Health gained, not pounds lost should be the focus of conversations on obesity, says a new health initiative called My Healthy™.  An interactive, motivational campaign, My Healthy encourages obese patients to pursue realistic health goals through a series of small, health-focused actions – such as going for a walk or talking to one’s doctor.  The campaign addresses a growing epidemic in the United States;  as an Institute for Patient Access policy brief reported earlier this year, 36 percent of adults and 16 percent of children now struggle with obesity and related health complications.

Diagnosed as a Body Mass Index of 30 or higher, obesity carries social and personal consequences, as well as myriad health concerns.  The risks of Type 2 diabetes, stroke and heart disease all rise with obesity.  And with these risks come substantial health care costs.  In 2008, the medical costs of obesity reached $147 million.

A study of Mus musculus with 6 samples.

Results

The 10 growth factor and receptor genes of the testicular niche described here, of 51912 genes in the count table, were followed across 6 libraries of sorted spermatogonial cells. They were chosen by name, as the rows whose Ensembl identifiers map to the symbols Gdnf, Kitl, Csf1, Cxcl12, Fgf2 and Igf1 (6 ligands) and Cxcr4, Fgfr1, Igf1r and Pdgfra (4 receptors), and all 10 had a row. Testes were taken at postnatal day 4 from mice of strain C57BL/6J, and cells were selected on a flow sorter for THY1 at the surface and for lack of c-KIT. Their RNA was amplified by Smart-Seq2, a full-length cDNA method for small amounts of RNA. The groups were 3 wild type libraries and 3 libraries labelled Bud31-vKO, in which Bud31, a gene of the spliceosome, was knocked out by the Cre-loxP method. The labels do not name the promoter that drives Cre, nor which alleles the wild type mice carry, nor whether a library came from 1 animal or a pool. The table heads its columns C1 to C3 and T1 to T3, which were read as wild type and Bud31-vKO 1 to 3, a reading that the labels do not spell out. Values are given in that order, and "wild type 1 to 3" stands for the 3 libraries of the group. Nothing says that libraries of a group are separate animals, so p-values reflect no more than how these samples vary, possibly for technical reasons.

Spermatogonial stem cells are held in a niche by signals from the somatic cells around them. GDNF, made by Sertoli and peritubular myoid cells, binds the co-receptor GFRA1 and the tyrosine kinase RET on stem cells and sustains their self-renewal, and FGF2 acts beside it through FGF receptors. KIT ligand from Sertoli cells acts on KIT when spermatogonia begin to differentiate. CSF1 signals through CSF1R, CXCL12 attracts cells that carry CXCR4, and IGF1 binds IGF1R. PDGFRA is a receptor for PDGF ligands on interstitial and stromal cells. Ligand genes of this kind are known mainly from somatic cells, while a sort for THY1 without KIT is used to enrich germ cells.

Treatment options for obesity typically fall into one of three categories: drug therapy, nutrition counseling and weight loss surgery.  Patients vary in their responsiveness to these options, so addressing widespread obesity requires insurers to cover treatment in all three categories – increasing patients’ odds of finding the option that works for them.  Many Medicaid programs, however, offer limited coverage for obesity treatments, potentially limiting their participants’ chances for wellness.

My Healthy encourages people to talk with their doctors to determine which treatment options and lifestyle changes best suit individual needs.  Judging from the hundreds of people making the campaign’s My Healthy Promise , many people struggling with obesity will do just that.  Their promise, combined with access to proper care, can jumpstart the process of translating incremental lifestyle changes into lasting health.